As Farrah Khan, Irvine’s new mayor-elect, prepares for a smooth transition into the role of mayor, she shared her election night experience, as well as some insight to her goals as Irvine’s new mayor, in an interview with Irvine Weekly.

On election night, Khan said she spent a good amount of time at Irvine City Hall, talking to voters.

“I think by the afternoon we realized that people were done answering the phone and text messages. I was like, ‘I need to talk to people, I can’t just sit here!’ So, I decided to talk to some voters that were waiting in line [at City Hall], and have some good conversations.”

As the polls closed, Khan said she was on a Zoom call with her campaign volunteers as the initial returns came in and had no idea what to expect.

“That was a surprise,” Khan said. “I thought we were going to be neck-to-neck, because it was hard to gauge where everything was. By 9:00 p.m., the second update came through, and it was quite amazing.”

After more than four months of campaigning, Khan said she felt a great burden lifted off her shoulders, and said the following day was a day of rest. However, once the first weekend post-election night came to a close, Khan said she was eager to get to work.

As of Friday, Nov. 13, Khan led incumbent Irvine Mayor Christina Shea by more than 13,000 votes, according to the Orange County Registrar of Voters.

One of her main priorities will be finding strategies to help residents and local businesses recover financially from the pandemic. Khan also has plans to help reduce the spread of COVID-19, while keeping local businesses thriving.

“What I will be rolling out soon is an Economic Recovery Plan that’s really looking into what our resources are here locally, what we’re expecting from the state or federal government to help our residents,” Khan explained. “A lot of our residents have deferred their rental payments, and we know once the pandemic is over, they’re going to be in sort of a financial bind paying their current rent and their back rent. We want to see what kind of funds are available to help them out, and we want to make sure that none of our local businesses are closing their doors.”

With Orange County recently saw more than 2,000 new COVID-19 cases in one week, and with cases rising in Los Angeles County, Khan admitted that it would be difficult to circumvent the closure of local businesses, if recommended by state and county health officials.

“That’s the hard part, finding creative ways, and looking outside of Orange County and maybe even other countries to see what they have done in these dire times,” she said. “I keep in close contact with Dr. Chau from the Orange County Health Care Office because I think it’s important for us to know exactly where the trend is moving and be ahead of it, not behind it. So, if there’s things we can do preemptively, we need to do those now, before we’re seeing our numbers rise even more.”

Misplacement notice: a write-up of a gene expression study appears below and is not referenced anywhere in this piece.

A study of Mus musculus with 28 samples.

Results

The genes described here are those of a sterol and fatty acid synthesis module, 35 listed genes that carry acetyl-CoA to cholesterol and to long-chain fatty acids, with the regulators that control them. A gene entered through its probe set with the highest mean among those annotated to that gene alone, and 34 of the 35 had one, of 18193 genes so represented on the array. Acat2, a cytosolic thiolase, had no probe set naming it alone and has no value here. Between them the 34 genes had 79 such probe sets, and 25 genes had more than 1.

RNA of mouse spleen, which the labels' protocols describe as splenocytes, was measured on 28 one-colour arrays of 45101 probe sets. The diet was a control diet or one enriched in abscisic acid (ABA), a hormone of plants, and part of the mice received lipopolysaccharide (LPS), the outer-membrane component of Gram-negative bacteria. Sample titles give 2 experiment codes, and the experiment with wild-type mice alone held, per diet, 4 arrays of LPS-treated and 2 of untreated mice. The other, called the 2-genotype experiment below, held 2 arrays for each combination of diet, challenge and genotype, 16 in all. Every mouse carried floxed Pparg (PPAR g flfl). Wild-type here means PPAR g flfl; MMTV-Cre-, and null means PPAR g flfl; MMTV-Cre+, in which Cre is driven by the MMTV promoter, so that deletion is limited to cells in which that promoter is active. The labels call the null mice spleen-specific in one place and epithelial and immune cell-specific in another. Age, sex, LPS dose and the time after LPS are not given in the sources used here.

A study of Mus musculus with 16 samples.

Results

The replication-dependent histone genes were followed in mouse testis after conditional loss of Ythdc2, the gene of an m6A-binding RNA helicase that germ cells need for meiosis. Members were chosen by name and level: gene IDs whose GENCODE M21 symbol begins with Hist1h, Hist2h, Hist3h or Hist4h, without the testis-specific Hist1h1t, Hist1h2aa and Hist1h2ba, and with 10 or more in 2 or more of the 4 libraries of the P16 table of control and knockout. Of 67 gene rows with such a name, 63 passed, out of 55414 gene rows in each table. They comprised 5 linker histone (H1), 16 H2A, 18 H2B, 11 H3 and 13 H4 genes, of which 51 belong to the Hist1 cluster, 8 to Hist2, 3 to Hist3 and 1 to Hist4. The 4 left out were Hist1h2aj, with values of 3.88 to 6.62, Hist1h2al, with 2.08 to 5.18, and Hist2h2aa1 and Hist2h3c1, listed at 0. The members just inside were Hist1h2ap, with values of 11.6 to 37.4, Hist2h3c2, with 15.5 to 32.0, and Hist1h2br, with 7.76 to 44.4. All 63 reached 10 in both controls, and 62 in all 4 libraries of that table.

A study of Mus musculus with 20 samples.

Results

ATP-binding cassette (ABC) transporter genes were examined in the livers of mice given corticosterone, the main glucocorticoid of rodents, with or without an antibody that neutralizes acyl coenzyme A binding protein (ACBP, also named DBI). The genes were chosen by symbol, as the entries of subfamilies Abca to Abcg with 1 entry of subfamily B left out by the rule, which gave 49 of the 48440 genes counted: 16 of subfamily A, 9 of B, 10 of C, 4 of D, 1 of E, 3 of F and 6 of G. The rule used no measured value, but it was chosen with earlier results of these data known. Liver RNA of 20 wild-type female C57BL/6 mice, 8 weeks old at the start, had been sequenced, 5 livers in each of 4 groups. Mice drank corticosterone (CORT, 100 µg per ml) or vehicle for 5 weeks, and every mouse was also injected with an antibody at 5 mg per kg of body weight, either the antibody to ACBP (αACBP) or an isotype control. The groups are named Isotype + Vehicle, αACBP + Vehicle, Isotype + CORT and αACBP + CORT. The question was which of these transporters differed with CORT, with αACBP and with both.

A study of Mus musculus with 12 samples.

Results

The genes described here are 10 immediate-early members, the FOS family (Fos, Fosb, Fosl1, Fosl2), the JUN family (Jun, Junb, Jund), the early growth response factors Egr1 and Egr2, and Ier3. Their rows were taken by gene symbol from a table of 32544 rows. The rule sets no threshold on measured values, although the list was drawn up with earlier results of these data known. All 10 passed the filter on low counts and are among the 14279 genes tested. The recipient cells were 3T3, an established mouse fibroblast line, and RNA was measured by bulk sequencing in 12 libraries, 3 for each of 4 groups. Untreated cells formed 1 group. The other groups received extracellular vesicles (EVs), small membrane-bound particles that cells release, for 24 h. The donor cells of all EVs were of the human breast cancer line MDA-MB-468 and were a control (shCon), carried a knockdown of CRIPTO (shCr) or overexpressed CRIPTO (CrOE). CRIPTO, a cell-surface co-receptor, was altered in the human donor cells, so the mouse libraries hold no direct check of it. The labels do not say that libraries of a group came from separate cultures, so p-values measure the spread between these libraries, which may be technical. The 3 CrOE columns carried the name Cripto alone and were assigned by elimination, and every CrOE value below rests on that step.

Another aspect of her transition will include a city-based health care task force, which will aid in helping Irvine navigate the on-going COVID-19 pandemic.

“Putting together a small task force of health care officials that will really guide us on best practices, as we move out and reopen. We’re hoping to move into the Orange Tier later this month, if all our numbers stay constant,” she said. “But, it’s very important for us to have the backing of health care professionals, to make sure the steps we’re taking are in line with their recommendations, just to keep our community safe and make sure we’re not taking any steps that push us backwards.”

After initially planning not to run for office, Khan described this experience as “a whirlwind.” However, she explained that she felt compelled after seeing the community engagement following the Black Lives Matter protests in Irvine.

“Especially following the BLM protests we had in our city, I felt like our leadership lacked the sense of understanding who our residents were and what our residents were saying,” Khan explained. “Really, all our residents were saying is that ‘we know our city is wonderful,’ ‘we understand the police department does an excellent job,’ but there are still gaps where we need to fix things.'”

While Khan does not think she turned Irvine blue, she said that this election proves that there is a shift happening.

“I think it was just the public wanting change,” Khan explained. “If anything, the residents here really wanted someone that was going to show the leadership that the city deserves, someone that was going to be honest with them, someone that understood the changing demographics in our city, and responds accordingly. I really hope that our communities here in Irvine feel like their voice will be heard. For me, it’s really important to hear from the community whether it’s good things or bad things.”